CBS 3’s Anita Oh and KYW Newsradio’s Mike DeNardo contributed to this story..
PHILADELPHIA (CBS) — It was a solemn Memorial Day ceremony aboard the USS Olympia at Penn’s Landing honoring the individuals who died defending our country over the last year.
“It’s just a day of honor,” said Father Brian O’Neill, a Marine Corps veteran.
The USS Olympia is the world’s oldest floating steel warship, launched in 1892.
Speaking to a small crowd in the admiral’s quarters aboard the cruiser, retired Army Lt. Col. Maura “Mo” Gillen had three requests.
Number one, to honor those who made the ultimate sacrifice by name.
“It’s so personal,” she said. “We can look at the cost of war in the aggregate and all of those lost lives and it’s truly stunning. But each life matters.”
So Gillen read the names of 30 service members killed in the last year.
“First Lt. Anais A. Tobar, 25 years old…”
Second, she says people should take care of there families those left behind.
Finally, she urged the crowd to enjoy their holiday and to celebrate their freedom, because that’s what those who died for us would have wanted.
“They’re my brothers and sisters,” said Joe Eastman, a U.S. Navy veteran. “I am forever indebted to them.”
Eastman fears however that the history of soldiers’ sacrifices will be lost.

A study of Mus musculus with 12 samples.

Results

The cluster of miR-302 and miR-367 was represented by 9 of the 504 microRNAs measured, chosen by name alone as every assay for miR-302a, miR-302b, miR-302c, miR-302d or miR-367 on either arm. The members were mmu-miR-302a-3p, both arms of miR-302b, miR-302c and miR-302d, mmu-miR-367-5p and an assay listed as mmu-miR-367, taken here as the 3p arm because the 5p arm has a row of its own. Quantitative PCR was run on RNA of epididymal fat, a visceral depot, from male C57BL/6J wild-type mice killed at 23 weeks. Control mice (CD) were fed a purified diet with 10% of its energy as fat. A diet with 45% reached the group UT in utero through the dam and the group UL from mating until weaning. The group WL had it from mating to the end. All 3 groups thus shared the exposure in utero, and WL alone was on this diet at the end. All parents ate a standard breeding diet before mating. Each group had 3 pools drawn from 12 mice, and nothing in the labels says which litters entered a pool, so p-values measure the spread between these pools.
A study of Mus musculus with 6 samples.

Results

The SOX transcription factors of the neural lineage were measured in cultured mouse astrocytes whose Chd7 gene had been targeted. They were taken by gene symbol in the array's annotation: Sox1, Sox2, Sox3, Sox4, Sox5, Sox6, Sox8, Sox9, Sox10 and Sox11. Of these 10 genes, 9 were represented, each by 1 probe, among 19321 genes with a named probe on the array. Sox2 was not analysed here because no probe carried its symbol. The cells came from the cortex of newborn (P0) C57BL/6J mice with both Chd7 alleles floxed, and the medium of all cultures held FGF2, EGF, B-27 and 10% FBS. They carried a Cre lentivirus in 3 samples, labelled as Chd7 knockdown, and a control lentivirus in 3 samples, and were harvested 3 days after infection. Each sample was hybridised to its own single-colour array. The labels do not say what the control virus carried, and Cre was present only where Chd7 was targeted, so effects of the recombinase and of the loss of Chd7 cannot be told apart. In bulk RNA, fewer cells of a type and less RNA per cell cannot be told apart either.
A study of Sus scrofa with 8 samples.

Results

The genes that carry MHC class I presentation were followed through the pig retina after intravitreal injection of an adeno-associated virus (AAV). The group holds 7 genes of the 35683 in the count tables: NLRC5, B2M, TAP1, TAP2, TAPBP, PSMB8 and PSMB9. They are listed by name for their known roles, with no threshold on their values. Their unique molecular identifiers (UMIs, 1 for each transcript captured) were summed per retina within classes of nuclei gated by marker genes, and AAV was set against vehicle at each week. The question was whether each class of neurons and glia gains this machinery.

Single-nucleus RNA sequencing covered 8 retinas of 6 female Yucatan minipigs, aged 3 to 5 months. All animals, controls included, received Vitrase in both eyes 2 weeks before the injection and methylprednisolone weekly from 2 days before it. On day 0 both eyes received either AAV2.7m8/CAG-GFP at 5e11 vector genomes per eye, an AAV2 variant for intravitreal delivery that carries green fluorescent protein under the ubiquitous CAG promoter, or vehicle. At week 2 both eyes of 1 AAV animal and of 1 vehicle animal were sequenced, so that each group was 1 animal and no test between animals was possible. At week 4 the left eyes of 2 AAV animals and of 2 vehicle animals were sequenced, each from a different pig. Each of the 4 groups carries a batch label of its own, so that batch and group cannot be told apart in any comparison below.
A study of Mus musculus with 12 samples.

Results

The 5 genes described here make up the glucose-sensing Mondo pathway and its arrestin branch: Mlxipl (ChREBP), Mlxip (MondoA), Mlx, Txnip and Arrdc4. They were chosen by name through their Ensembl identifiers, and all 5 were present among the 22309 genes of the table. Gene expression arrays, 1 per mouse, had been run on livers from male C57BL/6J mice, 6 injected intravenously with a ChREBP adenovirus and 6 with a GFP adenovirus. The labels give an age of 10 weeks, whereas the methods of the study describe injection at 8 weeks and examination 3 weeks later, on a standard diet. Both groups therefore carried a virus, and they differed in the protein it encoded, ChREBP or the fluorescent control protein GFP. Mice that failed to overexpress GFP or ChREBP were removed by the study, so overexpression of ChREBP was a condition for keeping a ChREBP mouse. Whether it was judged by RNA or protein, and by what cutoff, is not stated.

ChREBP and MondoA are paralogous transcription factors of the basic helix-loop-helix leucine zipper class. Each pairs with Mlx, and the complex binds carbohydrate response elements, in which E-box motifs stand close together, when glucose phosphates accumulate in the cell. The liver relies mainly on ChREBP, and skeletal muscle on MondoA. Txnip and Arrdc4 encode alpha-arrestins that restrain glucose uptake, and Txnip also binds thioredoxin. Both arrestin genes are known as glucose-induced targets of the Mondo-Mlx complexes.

“Unlike when I was younger, we seem to have forgotten what this day is all about,” he said. “When I was in school, all my male teachers were Vietnam or Korea vets, so the meaning was reinforced.”
Like the day they took up the call of duty for service, some veterans say they now have another cause.
“We have to pass on the legacy of their death and their heroism and if we don’t do that, an awful lot has been lost,” O’Neill said.
And that’s why a large crowd marched in Bridesburg for the city’s oldest Memorial Day parade, started in 1947 by World War II veteran Edward Dubeck.
“Ed passed away and we do it in his memory now,” said one of the parade marshals George Meissler. “We march rain or shine. It doesn’t matter.”
“It’s incumbent upon us as veterans to make sure nobody forgets probably people we’ll never know that willingly went in harm’s way so that we can stand here and do things like this and go have a BBQ and drink a beer,” Eastman said.